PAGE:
The Widows And The Ray Of Hope By Seun Akinnawonu

The Tabitha foundation giving out gifts to a widow


It is a beguiling tradition in Africa that once a man dies, his widow is tossed around with a wave of uncertainty. For many of them, their self-esteem and pride are dead alongside their deceased husbands and are left at the mercies of hard-feeling relations.

With an African culture that has subjected a woman to a lower cadre in the hierarchy of marriage, nothing can be more devastating and ruinous than the death of a man that leaves a woman in a world of hopelessness and state of helplessness.


Naturally fragile and emotionally vulnerable, widows are the most ill-treated personalities in Africa especially, in Nigeria. They are abandoned at wills and are made to journey through the rough paths, the bumpy roads and undulating terrain without anyone to peep into their affairs.

Unlike other physically challenged individuals who are given special attentions by the government and some non-governmental organizations, widows are usually left to swim and sink alone in the stormy Sea, triggered by the death of their husbands.

There are instances where women who were once happy and financially stabled are thrown into a life of penury and have to get down to the lowest depth, compromise their integrity and do the unthinkable to hit the target button and keep body and soul together.


With a call to barnish hardship from the community of widows and widowers and restore hope to the hopeless and downtrodden members of the society, Tabitha New Life foundation was established to set the record straight that the dry bone can still rise again.

This was vividly outlined at its launch on December 16, 2019 where hundreds of windows and widowers were made to smile home with food items and gifted materials which literally brought back their self esteem.

The event titled: The Dorcas Heart, Season 0:1, themed: Arise Again, registered the presence of top rated individuals who have come to witness the birth of a new dawn and thrown their weights around the laudable project to see to its success. Among was Professor Tunde Arini who chaired the occasion.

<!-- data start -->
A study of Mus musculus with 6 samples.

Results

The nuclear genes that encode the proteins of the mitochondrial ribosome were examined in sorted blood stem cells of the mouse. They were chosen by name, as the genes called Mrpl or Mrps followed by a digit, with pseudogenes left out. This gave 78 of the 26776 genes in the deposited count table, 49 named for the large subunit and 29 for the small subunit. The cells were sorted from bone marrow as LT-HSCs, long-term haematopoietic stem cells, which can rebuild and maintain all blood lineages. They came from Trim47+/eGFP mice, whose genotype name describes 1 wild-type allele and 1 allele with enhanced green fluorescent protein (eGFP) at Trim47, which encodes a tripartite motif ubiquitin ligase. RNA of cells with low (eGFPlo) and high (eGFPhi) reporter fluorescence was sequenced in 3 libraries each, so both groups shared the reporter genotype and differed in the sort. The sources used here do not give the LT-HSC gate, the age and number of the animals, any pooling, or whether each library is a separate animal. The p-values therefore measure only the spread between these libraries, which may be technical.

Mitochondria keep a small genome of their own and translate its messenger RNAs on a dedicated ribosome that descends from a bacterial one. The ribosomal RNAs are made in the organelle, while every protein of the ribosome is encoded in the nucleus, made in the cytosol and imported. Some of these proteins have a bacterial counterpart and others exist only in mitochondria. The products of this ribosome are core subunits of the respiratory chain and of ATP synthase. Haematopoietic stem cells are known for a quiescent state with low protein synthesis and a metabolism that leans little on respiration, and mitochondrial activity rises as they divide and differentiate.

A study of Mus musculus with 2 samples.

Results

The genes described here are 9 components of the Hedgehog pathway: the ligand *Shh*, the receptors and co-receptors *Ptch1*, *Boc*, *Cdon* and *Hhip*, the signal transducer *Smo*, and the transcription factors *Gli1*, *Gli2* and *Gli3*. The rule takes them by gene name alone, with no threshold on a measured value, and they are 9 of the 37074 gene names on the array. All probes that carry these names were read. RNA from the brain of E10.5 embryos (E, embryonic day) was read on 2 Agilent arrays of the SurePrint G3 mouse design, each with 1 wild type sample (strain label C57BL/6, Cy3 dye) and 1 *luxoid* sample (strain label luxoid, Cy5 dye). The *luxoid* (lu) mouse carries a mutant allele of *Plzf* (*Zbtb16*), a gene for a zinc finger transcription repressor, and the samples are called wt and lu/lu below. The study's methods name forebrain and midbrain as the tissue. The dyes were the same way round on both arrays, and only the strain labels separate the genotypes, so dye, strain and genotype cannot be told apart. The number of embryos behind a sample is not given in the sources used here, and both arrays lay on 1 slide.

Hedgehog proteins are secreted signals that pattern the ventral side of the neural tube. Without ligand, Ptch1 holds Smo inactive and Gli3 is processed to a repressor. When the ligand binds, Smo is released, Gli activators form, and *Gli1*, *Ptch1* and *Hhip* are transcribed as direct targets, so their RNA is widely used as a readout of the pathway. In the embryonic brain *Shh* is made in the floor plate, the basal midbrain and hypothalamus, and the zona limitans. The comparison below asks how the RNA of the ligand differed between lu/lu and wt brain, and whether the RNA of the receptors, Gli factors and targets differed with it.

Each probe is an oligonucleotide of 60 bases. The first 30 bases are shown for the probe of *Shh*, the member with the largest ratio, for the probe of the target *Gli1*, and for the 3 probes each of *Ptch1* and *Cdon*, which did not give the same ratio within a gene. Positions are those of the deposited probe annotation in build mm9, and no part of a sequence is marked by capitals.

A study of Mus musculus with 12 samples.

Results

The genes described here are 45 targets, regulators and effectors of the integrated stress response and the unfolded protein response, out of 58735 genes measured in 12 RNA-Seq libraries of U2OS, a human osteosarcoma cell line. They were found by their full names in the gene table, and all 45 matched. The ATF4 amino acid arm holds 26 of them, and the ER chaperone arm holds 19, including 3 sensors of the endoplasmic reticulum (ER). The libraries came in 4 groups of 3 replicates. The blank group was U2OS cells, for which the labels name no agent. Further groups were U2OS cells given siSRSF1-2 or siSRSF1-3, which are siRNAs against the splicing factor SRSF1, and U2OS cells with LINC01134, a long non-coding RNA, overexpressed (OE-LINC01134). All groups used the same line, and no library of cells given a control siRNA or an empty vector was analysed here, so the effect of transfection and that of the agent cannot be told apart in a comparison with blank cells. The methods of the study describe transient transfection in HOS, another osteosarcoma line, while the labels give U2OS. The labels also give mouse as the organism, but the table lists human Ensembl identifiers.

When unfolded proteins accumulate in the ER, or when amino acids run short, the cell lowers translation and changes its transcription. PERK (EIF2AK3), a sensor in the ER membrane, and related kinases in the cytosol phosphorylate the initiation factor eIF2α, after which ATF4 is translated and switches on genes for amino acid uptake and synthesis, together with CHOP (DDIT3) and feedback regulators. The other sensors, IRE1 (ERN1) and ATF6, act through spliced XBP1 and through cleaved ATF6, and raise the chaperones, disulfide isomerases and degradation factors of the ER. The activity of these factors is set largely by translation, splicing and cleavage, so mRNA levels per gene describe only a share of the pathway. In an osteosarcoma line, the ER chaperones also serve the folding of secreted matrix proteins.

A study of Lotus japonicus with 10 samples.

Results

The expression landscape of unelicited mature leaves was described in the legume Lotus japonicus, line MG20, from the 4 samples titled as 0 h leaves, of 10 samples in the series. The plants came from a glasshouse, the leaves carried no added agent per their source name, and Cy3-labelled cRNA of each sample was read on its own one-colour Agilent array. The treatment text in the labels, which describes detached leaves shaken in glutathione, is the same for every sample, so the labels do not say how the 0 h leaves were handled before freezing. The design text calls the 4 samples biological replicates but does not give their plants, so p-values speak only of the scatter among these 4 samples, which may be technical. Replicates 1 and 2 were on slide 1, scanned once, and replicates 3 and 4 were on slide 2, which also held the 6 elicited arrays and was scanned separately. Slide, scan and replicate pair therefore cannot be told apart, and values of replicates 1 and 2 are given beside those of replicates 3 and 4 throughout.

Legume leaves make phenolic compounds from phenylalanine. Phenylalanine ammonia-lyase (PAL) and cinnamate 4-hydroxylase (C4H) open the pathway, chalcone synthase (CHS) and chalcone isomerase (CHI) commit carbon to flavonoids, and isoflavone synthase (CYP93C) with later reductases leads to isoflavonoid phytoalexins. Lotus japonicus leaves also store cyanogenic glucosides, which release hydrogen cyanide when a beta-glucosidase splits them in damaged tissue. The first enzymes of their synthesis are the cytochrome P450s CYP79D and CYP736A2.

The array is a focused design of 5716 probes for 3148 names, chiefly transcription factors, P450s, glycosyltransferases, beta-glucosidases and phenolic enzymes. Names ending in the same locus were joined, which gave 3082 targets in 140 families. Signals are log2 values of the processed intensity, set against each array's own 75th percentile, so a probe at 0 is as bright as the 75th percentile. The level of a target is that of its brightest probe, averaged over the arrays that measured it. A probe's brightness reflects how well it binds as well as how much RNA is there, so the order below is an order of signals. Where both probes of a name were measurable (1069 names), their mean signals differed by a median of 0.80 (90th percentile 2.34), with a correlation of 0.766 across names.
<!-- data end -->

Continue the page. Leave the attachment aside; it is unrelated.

The foundation is solely commissioned to consistently flash smiles on the faces of widows and widowers as many it can reach out to. This is the bedrock of its creation that brooks no infraction.

So far, many lives have been touched, many hopes have been restored and many situations have received an unprecedented turnaround without the propensity of its founder blowing the trumpet.


According to Mrs Olatunji, widows and widowers are trained and empowered every last Friday of the month with business capital that will earn them a better life and make them contribute meaningfully to the nation’s economy.

However, the founder welcomes and solicits support from donors and destiny partners across the globe so as to ease the burden and completely lift the beneficiaries out of pitiable conditions.

With Tabitha New Life foundation and untiring efforts of its founder, Mrs Adunke Olatunji, there is no mincing words that the time has come for widows and widowers to come out of their ruins, with a renewed determination to rise again, smile again and wear a toga of a new life.